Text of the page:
Turkish government revises policies for public service

Turkish government revises policies for public service

Turkish government revises policies for public service

Minister Müezzinoğlu has signaled a comeback for medical professors. Daily News Photo

The Turkish government is attempting to win the hearts of millions of teachers and health personnel through sharp U-turns from its key policies on education and health after a recent Cabinet reshuffle amid hopes of winning new elections and a potential charter referendum in the coming year.

While Health Minister Mehmet Müezzinoğlu signaled that the government will show flexibility on the much-criticized Full-Day Law that forced thousands of specialist physicians to quit public hospitals, Education Minister Nabi Avcı has softened his ministry’s recruitment policies to benefit thousands of teachers.

“This should not be considered a retreat. And this has nothing to do with the ministerial change. Our target is to provide the best health services to our people by using all of our doctors in the most efficient way,” Müezzinoğlu told private broadcaster CNNTürk yesterday. As a result of the Full-Day Law, thousands of specialist physicians had to choose to leave public hospitals, causing a huge deficit in the number of qualified medical personal.

The new minister hinted that doctors who had their own clinic could continue to work at public hospitals on the condition that they avoid abusing the rights of citizens and in full transparency.

“When I was first appointed as health minister, I realized that the greatest problem was the deficit in the number of doctors and nurses. We need 20,000 doctors and 50,000 nurses. Therefore, we are working on a system to use our doctors to the maximum and provide quality health services to our people,” he said. “That’s why we want to regain all of our doctors across all of Turkey.”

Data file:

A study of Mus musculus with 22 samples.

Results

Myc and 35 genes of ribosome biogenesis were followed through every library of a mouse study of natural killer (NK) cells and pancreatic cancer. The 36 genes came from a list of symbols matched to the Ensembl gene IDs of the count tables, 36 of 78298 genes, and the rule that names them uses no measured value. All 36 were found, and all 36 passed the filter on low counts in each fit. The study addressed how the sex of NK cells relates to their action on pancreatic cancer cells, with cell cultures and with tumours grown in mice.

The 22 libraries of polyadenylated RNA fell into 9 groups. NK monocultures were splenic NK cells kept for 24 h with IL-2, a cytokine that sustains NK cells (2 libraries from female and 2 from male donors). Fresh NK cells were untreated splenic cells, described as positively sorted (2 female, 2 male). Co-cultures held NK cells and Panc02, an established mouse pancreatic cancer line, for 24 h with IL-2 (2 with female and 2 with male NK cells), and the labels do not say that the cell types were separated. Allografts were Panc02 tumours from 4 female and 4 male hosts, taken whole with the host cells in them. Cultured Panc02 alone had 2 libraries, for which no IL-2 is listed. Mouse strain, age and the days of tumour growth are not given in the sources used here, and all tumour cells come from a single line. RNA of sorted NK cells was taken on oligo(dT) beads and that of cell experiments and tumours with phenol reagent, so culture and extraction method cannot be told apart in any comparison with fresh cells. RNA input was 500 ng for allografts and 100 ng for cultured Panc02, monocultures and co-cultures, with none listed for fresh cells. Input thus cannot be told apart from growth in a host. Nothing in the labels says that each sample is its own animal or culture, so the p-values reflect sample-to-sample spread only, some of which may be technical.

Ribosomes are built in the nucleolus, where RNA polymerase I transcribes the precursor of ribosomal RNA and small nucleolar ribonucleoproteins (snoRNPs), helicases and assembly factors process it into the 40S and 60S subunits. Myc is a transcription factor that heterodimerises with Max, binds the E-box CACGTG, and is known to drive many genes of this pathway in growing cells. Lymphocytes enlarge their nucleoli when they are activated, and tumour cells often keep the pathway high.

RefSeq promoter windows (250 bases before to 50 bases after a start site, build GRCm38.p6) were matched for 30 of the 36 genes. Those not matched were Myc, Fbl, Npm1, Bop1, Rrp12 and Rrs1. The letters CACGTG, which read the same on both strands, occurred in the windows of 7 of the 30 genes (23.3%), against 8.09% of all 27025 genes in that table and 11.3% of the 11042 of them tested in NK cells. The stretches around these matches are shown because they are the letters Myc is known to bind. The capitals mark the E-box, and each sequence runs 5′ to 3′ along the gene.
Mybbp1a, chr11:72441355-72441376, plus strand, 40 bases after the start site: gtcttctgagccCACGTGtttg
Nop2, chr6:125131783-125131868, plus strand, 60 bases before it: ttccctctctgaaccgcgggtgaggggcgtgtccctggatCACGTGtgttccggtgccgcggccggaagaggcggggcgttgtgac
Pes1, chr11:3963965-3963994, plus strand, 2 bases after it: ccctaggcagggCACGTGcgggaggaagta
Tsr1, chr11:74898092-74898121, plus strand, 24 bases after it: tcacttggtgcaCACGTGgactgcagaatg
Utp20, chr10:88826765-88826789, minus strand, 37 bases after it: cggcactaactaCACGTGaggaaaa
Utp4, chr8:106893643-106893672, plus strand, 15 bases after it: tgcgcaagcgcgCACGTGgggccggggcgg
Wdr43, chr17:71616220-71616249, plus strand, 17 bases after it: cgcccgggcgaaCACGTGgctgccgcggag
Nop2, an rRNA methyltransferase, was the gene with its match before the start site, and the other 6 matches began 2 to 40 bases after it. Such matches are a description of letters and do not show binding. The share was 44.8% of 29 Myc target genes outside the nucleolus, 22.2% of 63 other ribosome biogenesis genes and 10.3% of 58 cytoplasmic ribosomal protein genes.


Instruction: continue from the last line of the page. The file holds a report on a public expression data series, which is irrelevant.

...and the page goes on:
The departure of numerous specialist physicians hindered medical services in Turkey and also hit Prime Minister Recep Tayyip Erdoğan when he underwent an operation late 2011. His surgeon was a specialist who was forced to leave public office due to the strictly implemented law. Even the doctor of former Health Minister Recep Akdağ’s wife was a surgeon who suffered due to the law.

Although the government’s health policies have received support from many, Erdoğan wanted one of his right-hand men to assume the post of health minister, according to officials. Müezzinoğlu, a medical doctor, founded a private hospital in Istanbul in the late 1990s and is now set to implement the City Hospital project, which will be carried out under the partnership of private companies and the public sector.

“We want to make Turkey a model in its region with regard to the service it provides in the field of health,” the new minister said.

Three main changes in education

The appointment of Avcı as the new education minister drew much attention as the departure of his predecessor, Ömer Dinçer, was not expected due to his historic amendment to the education system, known as the “4+4+4,” that especially benefited students opting for a more religious education.

Along with growing opposition to the new educational system, the ministry’s failure in the recruitment of thousands of teachers made the minister and the government a target of the public.

Avcı, a professor of communications, is expected to mend the strained relations with teachers and has already signaled that he will adopt a more flexible policy in recruiting instructors.

The new minister is also preparing to abandon a new dress code issued by his predecessor that allowed casual clothing to be worn in schools under certain conditions. Phasing out the decades-old custom of wearing one-style uniforms in schools raised both political and economic concerns, as many families complained that they could not afford casual clothing. Avcı said they would conduct a survey among parents and review the implementation based on the results.

Avcı, meanwhile, also signaled that Turkey’s thousands of private preparation schools, known as dersanes, could remain open despite Erdoğan’s earlier plans to abolish them. As many of the schools are believed to be in line with the Gülen religious community’s worldview, Erdoğan’s position has been regarded as a move against this community and as part of an ongoing silent struggle between the two.

There were 4,055 firms offering private tutoring services in Turkey last year, according to the education industry report issued by the Union of Chamber and Commodity Exchanges of Turkey (TOBB), and more than 1.2 million students attended private tutoring courses last year. There were just 1,730 such schools in 2000, with 174,496 students.